The In-Transit Report

Chuuk Lagoon: Part One

Since I picked up the scuba diving habit in Australia, I decided to look for other places to dive. Since I’m really interested in both ruins and World War II history, I decided to try for Chuuk Lagoon, in Chuuk, Micronesia. This lagoon was held by the Japanese in WWII and was attacked by the Americans, leading to over 60 ships, aircraft carriers, and other vessels being sunk.

First, I should probably give you some helpful geography:
– Chuuk – a collection of 40+ islands that constitutes a state in the FSM. The main island, where the diving companies and hotels are based, is Weno, which is close to the wrecks in Chuuk Lagoon. The population is Chuukese and speak that language.
– Federated States of Micronesia (FSM) – this encompasses four states: Pohnpei, Yap, Kosrae, and Chuuk, each with their own different Polynesian cultures.
– Micronesia – Micronesia is both a region of the pacific ocean, encompassing many islands, and another shortened name of the country I visited. Guam and Palau are considered to be Micronesian islands, even though they are not part of the FSM.

 

I had gotten both Open Water Diver (the first and most basic dive certification, down to a suggested depth of 18 meters / 60 feet) and Adventure Diver, which trains a bit more on deep dives, allowing you to go to a suggested depth of 30 meters / 100 feet. Most of the wrecks in Chuuk are within these depths, so this makes them accessible to beginners.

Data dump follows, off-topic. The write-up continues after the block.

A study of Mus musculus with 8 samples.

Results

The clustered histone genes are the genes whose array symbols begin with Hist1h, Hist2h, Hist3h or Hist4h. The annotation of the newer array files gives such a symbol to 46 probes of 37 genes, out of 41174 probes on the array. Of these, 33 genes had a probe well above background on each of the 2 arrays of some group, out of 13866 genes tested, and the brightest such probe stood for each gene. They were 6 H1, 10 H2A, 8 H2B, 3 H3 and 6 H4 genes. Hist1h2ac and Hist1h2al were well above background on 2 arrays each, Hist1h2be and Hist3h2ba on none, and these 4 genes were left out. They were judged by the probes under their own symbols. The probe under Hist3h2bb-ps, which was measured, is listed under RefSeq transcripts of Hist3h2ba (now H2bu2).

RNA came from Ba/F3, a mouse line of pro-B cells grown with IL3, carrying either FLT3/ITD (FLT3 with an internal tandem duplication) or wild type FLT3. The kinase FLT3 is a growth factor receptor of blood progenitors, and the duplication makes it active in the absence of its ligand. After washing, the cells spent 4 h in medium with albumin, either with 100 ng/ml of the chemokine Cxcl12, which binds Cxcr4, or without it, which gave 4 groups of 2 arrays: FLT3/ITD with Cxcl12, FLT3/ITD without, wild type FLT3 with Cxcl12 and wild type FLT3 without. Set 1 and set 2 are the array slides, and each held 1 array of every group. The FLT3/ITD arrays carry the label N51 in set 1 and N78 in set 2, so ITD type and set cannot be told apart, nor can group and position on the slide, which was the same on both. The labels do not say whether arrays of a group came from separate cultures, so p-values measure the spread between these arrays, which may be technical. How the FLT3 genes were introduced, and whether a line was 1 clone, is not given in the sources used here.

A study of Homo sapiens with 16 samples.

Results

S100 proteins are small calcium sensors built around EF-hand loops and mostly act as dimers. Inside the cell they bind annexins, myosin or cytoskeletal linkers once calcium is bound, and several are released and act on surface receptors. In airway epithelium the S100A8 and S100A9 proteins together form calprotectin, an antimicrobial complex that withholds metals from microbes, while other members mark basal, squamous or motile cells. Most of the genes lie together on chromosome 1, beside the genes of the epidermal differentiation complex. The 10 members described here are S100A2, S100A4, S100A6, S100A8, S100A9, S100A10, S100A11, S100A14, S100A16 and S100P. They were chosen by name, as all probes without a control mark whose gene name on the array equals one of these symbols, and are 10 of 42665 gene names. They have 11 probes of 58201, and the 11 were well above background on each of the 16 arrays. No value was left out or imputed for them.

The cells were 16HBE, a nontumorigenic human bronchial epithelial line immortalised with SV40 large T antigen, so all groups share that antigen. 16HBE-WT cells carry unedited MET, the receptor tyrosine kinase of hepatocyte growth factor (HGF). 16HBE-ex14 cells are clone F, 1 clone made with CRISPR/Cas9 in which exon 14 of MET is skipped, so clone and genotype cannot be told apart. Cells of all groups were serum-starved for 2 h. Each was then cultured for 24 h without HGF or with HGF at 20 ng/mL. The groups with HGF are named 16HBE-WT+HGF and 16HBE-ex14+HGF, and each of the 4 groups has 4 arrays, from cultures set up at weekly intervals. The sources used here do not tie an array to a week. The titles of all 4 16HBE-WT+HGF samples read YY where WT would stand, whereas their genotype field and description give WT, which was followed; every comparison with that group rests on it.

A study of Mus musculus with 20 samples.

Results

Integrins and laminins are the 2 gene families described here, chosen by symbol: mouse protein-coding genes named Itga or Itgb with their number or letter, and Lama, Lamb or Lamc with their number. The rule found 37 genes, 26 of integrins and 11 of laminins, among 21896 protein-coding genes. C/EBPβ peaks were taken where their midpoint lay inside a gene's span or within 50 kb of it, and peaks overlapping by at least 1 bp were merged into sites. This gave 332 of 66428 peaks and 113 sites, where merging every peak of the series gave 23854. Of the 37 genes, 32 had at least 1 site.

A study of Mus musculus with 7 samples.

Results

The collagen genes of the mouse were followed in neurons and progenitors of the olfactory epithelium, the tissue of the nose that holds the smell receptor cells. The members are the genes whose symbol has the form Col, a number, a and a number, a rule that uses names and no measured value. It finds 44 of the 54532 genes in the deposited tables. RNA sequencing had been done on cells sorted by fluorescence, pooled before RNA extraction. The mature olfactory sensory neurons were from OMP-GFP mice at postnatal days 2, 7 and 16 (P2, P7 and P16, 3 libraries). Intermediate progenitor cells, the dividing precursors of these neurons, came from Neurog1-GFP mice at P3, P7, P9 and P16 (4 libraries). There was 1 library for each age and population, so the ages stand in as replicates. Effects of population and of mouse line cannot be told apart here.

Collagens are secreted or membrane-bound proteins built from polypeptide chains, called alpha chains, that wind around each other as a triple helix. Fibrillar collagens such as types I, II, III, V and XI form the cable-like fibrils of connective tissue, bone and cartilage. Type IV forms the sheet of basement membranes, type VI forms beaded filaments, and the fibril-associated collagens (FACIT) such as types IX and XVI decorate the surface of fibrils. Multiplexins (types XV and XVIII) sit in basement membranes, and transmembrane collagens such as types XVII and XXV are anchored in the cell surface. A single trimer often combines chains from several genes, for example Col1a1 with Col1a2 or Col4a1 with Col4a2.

Chuuk is not easy or cheap to get to and stay in, but I lucked out in two ways: First, I have a cousin who lives in Micronesia – incidentally in Chuuk, and incidentally on Weno, close to the lagoon. I was able to stay with him during my time in Chuuk, which was considerably helpful, both because of the money it saved me, and how cool it was to get to know a distant relative I’d never met (or maybe met when I was one or two!). He works for the FSM court and has lived on Chuuk for at least a couple decades, maybe even more, and knows all the ins and outs, restaurants, and a lot of other people on the island, including the staff of the hotel whose dive center I went through for all the dives. Secondly, I still had some frequent flier miles, and used them to cover what would have been expensive flights from New Zealand to Guam, and Guam to Fukuoka (the most direct way to Chuuk and out is via Guam).

Truk Stop Hotel and Dive Center is one of two land-based dive centers on Chuuk, and there are another two or three liveaboard dive boats as well. The liveaboards range from cringe-inducing to laughably expensive, so I opted out. I was able to hire gear and dive 2-3 times a day out of Truk Stop for much, much cheaper, and loved my experience there. I also took another certification (Enriched Air) that allowed me to stay in deeper water for longer.

Chuuk itself was one of the most interesting places I’ve ever been. It’s definitely not on the tourist train, unless you’re a dedicated scuba diver with a lot of money, or there with Peace Corps, World Teach, or working for the government. That being said, I found Chuukese people incredibly friendly and open. No one ever tried to rip me off or anything like that, and one of my favorite parts of being in Chuuk (aside from the dives) was simply walking back to my cousin’s place and stopping to buy random fruits and baked goods, and the conversations that ensued from there. The road is under construction, leaving parts of the main road just an unpaved mess of muddy potholes that became a game to dodge between. That’s part of the fun of travel – accepting that you can’t always be comfortable, and that sometimes there will be spiders in your dive locker, sunscreen can be hard to find, and that the fish you order at the restaurant comes with its head still attached.

I’ll update with more details on the diving in a bit.